UNUSUAL MORGANITES

This is a short follow-up to the Collector's Note article titled “Unusual Morganites from Córrego do Urucum, Galiléia, Minas Gerais, Brazil” by Jim Houran and John Rakovan (July/August 2013, pages 378–379). The authors mention the beryl crystals Frank Melanson brought back from a buying trip in 2011, and I wanted to share photos of the larger one described in the article (the one similar to John White's specimen, shown in figure 3 of the same article). I had promised photos of my specimen to Jim for an article if he wrote one. When the time came, as life would have it, my photo equipment was packed for our move to Bancroft, and then soon my collection was packed away too. So, as long overdue as they are, here are two photographs of that crystal.

Two views of an unusual morganite crystal, 3.4 × 2.6 cm, from Córrego do Urucum, Galiléia, Minas Gerais, Brazil. Raymond McDougall specimen and photos.Two views of an unusual morganite crystal, 3.4 × 2.6 cm, from Córrego do Urucum, Galiléia, Minas Gerais, Brazil. Raymond McDougall specimen and photos.

Two views of an unusual morganite crystal, 3.4 × 2.6 cm, from Córrego do Urucum, Galiléia, Minas Gerais, Brazil. Raymond McDougall specimen and photos.

MINERAL MYSTERY REVISITED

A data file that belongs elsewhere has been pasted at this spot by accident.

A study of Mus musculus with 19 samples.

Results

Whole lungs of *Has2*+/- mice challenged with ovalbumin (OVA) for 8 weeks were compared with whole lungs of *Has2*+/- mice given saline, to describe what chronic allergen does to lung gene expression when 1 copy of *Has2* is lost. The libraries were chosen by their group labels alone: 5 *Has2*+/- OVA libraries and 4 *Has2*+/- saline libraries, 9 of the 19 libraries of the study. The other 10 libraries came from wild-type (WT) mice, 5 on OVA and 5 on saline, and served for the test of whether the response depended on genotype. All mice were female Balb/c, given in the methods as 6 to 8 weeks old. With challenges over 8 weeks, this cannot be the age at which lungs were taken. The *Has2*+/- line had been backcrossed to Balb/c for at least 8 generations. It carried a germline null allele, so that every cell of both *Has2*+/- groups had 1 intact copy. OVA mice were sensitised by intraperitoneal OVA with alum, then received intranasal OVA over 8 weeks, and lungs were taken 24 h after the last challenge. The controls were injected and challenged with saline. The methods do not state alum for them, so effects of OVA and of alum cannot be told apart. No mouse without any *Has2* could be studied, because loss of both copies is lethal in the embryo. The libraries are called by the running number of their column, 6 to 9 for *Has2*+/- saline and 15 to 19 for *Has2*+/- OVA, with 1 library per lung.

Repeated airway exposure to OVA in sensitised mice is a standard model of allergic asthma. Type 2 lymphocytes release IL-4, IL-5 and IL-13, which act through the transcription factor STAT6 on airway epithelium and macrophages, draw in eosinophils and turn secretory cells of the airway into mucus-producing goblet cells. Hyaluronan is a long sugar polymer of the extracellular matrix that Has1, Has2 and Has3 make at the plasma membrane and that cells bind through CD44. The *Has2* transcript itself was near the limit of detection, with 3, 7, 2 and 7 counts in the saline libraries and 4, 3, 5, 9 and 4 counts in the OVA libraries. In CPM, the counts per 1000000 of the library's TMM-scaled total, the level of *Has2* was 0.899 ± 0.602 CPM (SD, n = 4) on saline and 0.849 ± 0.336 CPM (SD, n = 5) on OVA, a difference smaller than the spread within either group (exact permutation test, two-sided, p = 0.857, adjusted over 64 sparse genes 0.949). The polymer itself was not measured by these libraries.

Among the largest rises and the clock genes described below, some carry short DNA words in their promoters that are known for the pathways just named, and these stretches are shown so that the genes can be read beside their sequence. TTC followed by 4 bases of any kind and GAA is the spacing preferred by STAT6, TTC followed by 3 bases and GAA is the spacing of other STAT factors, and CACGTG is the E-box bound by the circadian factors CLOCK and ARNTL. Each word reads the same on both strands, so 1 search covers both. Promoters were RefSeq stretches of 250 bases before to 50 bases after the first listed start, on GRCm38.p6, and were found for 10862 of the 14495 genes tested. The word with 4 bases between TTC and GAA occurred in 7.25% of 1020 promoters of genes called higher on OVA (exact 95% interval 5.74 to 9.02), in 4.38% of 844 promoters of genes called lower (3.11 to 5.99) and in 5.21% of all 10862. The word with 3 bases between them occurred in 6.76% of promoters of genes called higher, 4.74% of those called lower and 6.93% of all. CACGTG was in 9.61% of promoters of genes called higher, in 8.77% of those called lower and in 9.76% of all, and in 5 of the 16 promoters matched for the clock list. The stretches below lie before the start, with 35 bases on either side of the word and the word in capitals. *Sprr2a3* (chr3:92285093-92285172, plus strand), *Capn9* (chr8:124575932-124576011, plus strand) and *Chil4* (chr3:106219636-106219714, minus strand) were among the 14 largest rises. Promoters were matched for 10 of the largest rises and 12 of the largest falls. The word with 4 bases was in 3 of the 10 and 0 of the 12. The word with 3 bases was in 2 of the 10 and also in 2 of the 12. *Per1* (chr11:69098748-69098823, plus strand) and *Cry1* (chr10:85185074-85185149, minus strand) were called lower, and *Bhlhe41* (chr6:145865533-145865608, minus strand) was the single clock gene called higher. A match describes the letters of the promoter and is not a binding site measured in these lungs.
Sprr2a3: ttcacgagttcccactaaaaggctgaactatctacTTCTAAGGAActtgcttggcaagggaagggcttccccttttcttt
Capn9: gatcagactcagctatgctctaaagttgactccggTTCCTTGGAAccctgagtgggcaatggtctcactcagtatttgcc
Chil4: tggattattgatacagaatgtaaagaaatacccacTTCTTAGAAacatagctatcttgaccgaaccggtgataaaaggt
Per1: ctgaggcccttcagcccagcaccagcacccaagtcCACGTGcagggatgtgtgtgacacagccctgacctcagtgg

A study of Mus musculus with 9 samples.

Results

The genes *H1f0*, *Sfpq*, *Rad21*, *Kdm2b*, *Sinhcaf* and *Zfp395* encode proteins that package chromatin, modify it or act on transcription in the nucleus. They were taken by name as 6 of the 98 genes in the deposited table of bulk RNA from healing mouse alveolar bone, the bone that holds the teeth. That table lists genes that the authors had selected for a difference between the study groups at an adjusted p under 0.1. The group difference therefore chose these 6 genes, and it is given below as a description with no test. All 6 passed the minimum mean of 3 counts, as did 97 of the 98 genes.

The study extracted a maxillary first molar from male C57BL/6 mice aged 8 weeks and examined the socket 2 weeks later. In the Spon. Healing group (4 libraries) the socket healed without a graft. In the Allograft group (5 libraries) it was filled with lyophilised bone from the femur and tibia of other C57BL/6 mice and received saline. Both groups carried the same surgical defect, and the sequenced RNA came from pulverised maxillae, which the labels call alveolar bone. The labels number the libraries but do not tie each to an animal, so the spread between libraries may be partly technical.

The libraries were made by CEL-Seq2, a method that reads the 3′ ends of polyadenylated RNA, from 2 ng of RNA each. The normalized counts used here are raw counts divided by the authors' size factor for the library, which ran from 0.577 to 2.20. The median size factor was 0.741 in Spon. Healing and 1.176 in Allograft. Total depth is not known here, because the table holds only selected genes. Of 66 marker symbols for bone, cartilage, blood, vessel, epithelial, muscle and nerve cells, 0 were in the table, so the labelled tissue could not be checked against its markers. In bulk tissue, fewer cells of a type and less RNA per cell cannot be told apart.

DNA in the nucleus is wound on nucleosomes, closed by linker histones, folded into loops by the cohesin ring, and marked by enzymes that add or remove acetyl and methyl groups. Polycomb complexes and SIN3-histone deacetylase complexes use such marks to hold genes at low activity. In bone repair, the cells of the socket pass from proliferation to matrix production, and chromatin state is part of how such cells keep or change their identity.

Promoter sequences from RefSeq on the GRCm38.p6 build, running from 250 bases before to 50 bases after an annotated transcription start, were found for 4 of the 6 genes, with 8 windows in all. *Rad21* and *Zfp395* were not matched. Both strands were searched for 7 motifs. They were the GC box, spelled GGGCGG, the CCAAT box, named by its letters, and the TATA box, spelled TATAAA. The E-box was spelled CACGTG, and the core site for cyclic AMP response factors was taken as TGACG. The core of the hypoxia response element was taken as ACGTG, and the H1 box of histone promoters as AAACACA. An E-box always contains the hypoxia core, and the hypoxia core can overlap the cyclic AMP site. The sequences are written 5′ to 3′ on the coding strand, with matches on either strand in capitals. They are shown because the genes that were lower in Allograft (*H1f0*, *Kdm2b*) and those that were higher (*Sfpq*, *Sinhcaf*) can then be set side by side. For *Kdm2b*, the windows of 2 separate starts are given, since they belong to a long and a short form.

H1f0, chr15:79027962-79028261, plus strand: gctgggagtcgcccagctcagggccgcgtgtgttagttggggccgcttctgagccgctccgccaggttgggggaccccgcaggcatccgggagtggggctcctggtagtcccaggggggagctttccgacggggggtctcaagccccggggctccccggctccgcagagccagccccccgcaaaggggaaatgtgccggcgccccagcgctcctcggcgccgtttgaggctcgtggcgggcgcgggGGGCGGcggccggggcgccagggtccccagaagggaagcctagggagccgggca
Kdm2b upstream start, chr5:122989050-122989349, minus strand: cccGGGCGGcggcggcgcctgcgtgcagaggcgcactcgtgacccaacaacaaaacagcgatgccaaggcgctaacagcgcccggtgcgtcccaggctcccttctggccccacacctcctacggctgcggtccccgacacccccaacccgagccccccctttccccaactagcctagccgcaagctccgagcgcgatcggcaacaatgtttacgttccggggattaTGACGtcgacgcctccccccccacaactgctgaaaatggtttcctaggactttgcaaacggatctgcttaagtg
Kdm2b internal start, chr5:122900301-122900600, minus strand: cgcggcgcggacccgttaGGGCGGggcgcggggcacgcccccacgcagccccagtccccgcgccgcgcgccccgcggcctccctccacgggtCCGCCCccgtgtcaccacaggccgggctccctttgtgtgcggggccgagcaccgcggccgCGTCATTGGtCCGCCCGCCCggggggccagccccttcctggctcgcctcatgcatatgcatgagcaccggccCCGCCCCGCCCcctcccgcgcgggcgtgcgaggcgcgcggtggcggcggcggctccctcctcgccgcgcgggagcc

In my Mineral Mysteries column titled “Quartz Cores in Tourmaline Crystals” (September/October 2015, pages 462–466), I noted that pink (rubellite) cores of many color-zoned elbaite (tourmaline) crystals are often dissolved away leaving a hollow shell of green tourmaline that is completely unaltered. Lacking in the article were photographs of really good examples of this dissolution “in progress” because I had none to photograph. However, at the 2015 Colorado Mineral and Fossil Show in Denver, a Brazilian mineral dealer (Vasconcelos) had a tray of fragments from what I assume was once a large crystal, or several good-sized crystals, and these fragments beautifully illustrate partial alteration of the pink cores of a zoned elbaite (see photo). In this example the alteration appears to have proceeded from the center of the crystal (or crystals) because the interior has been altered to lepidolite, a lithium-rich mica, while there remains a zone of unaltered rubellite next to the completely unaltered green outer zone. I was very pleased to find this fine example that adds strong support to the interpretation of events presented in my article.

Partial alteration of the pink core of a zoned elbaite. The specimen is 4 cm across and is from the Cruziero mine, São José da Safira, Minas Gerais, Brazil. John White photo.

Partial alteration of the pink core of a zoned elbaite. The specimen is 4 cm across and is from the Cruziero mine, São José da Safira, Minas Gerais, Brazil. John White photo.